Most electrical wiring jobs are relatively easy to handle, using just a few inexpensive tools.
If you have the skills and interest in doing your own electrical repairs, here are the tools you’ll need for most any job:
Simple and inexpensive, a circuit tester plugs into a conventional outlet and tells you whether the circuit is “hot” (charged) or properly grounded. You can buy a circuit tester here.
A small, battery-operated continuity tester costs less than $10. It can be used to determine whether wiring is broken or electrical circuits are complete. You can buy a continuity tester here.
A pair of these is the best tool to use for cutting heavy wire or cable and twisting wire ends together. To twist two wires together, hold them side by side with one hand, their stripped ends aligned, and point the blunt end of the pliers in line with them, clamp down, and twist in a clockwise direction. You can buy lineman’s pliers here.
Long-nose pliers are great for bending small loops at wire ends or for cutting off wires (most include a wire-cutting section). Use the pointed end of the pliers to form a smooth, 3/4 circle at a wire’s end, designed to circle around a screw terminal (always hook the wire onto the terminal with the end of the bend sweeping clockwise from the wire). You can buy long-nose pliers here.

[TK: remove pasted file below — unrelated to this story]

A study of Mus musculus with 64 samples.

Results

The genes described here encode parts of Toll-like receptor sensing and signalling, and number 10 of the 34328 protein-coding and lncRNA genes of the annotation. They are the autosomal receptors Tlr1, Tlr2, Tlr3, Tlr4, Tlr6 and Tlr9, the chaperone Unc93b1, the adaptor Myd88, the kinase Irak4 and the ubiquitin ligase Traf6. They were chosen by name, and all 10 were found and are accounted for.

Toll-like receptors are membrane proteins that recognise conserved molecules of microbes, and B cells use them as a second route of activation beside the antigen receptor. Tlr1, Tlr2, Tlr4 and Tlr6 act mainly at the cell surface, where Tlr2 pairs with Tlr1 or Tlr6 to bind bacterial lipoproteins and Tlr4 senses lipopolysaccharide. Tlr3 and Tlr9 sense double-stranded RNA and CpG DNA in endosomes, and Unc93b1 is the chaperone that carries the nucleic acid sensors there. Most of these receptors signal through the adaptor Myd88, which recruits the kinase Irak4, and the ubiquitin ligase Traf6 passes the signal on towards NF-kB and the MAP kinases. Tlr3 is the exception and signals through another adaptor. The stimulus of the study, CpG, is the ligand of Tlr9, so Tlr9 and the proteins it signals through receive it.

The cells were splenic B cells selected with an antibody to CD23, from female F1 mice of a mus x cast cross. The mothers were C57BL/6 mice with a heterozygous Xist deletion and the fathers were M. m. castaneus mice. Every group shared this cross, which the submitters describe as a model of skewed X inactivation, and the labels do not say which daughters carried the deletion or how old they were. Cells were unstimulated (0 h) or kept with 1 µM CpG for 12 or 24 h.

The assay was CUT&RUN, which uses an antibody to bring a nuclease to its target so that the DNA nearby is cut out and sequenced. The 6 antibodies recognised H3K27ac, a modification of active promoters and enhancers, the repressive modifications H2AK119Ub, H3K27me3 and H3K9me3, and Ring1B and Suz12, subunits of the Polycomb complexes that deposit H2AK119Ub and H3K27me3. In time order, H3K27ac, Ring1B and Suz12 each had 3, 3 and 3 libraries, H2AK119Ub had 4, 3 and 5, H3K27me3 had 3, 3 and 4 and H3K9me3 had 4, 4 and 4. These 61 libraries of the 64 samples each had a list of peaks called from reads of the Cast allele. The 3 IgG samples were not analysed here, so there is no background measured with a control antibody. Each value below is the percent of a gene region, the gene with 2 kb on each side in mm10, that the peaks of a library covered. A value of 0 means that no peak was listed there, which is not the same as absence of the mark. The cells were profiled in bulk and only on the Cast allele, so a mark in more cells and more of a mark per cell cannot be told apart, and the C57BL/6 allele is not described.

You’ll want to have a multimeter on hand for making a variety of continuity checks, checking voltage, and other similar tasks. Read the manufacturer’s instructions for a thorough understanding of techniques. Multimeters, which do the job of ohm meters, volt meters, and related tools, are sold at consumer-electronics stores for under $20. You can buy a multimeter here.
Neon Voltage Tester
This helpful little tool can tell you whether wires are “hot” or not. When using it, be sure to hold only the insulated probes, not the bare parts. Touch one probe to what you suspect is a hot wire and the other probe to a neutral wire or grounding wire (or grounded metal electrical box). If the small light glows, the circuit is live. You can buy a voltage tester here.
You’ll want an assortment of screwdrivers with insulated rubber grips. Be sure to get both flat-bladed and Phillips-head drivers. You can buy screwdrivers here.
Most electrical wires run inside a sheath of insulation—a plastic, rubber, or paper coating that prevents bare conductors from shorting against each other or shocking you. When splicing wires or connecting them to devices, you must remove the insulation, a relatively simple job when you have an inexpensive wire stripper. The stripper should be set so that it cuts the insulation but doesn’t nick the wire (use the slot that matches the wire conductor’s size). You can buy a wire-stripping tool here.